A state spokeswoman on Tuesday defended recent international trips by Kentucky Education Commissioner Terry Holliday that were financed by a foundation associated with a company that does business with the Kentucky Department of Education.
The New York Times in a story on Sunday questioned such trips by Holliday and other top U.S. educators that were funded by the Pearson Foundation. The story quoted critics suggesting that the trips were junkets that might raise ethical issues for those involved.
Education spokeswoman Lisa Gross said Holliday took trips to international education conferences in China in May and Brazil in September, financed by the Pearson Foundation. The foundation is associated with Pearson Inc., a major national publishing company that received a $57.7 million, seven-year state contract to prepare the new K-Prep student test and perform related work. Kentucky students will take the K-Prep for the first time next spring. It replaces the old Kentucky Core Content test.
Holliday was joined by education leaders from other states on the China and Brazil trips. The trips were organized through the Council of Chief State School Officers, made up of the top education officials in each state. Holliday is a council director.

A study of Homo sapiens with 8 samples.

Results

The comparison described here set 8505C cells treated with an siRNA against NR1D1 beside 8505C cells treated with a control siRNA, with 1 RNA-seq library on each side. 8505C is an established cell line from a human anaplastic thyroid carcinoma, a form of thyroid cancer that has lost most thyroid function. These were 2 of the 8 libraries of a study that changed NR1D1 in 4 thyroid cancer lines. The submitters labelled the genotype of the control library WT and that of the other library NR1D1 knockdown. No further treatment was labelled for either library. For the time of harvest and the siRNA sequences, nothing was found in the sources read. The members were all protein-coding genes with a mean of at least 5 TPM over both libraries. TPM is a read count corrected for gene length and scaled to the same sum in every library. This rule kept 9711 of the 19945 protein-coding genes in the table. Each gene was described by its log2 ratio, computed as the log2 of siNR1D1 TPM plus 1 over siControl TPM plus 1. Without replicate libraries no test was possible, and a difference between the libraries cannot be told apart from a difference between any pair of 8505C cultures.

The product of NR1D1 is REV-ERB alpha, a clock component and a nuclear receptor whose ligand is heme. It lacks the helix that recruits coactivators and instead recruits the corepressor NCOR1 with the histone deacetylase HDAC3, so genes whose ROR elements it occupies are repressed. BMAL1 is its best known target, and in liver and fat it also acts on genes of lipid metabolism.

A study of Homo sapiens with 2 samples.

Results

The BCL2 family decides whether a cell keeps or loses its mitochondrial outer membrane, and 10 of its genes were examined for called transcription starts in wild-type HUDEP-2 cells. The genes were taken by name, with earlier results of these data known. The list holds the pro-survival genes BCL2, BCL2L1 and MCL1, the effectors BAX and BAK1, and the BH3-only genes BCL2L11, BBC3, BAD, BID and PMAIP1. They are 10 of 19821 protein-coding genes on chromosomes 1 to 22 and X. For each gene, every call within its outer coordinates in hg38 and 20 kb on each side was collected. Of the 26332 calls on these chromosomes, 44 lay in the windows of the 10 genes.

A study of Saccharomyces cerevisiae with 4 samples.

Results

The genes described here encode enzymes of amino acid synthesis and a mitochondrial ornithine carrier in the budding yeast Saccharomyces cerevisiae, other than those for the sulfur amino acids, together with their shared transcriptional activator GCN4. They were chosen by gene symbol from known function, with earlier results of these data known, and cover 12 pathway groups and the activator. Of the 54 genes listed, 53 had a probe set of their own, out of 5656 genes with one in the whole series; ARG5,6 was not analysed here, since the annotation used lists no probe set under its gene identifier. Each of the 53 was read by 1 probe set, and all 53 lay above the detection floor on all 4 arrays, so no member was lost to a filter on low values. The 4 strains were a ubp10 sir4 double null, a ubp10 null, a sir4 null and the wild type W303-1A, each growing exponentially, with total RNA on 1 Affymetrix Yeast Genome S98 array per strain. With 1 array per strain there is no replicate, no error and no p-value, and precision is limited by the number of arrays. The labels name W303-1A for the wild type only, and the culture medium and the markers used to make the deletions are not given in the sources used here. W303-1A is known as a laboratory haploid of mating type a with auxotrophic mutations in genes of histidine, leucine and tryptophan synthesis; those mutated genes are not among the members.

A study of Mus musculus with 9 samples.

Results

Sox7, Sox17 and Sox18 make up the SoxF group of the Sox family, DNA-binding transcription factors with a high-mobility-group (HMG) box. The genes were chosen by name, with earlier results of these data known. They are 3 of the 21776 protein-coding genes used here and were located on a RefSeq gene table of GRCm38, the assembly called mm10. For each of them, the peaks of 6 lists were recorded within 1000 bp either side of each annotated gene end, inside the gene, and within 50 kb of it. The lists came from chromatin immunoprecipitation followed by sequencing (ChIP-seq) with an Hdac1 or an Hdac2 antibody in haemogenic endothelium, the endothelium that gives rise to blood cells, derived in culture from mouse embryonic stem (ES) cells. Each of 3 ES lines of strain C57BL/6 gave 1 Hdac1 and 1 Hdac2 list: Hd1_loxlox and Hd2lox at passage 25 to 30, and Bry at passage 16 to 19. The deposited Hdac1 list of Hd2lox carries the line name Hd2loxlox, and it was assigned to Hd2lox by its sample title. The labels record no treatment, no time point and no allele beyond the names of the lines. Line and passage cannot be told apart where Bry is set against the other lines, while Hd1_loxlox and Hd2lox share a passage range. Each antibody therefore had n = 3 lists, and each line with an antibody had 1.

Gross said the Pearson Inc. contract was awarded through Kentucky's state procurement process, and Holliday was not involved. One education department employee was part of a 12-member review team that worked on the selection, she said.
"Everything we did on this, I think, was aboveboard," Gross said.
The New York Times story said some experts think the Pearson organization might be using its foundation's funding of such trips to boost its education-related business, which could violate the federal tax code.
Marcus Owens, an attorney and former IRS official, told the Times the "Pearson conferences fit the same fact pattern as the influence-buying junkets that the convicted lobbyist Jack Abramoff arranged for members of Congress."
The Times also noted that Iowa's Ethics and Campaign Disclosure Board was looking into whether a Pearson-financed trip to Brazil by Iowa Education Commissioner Jason Glass violated state law.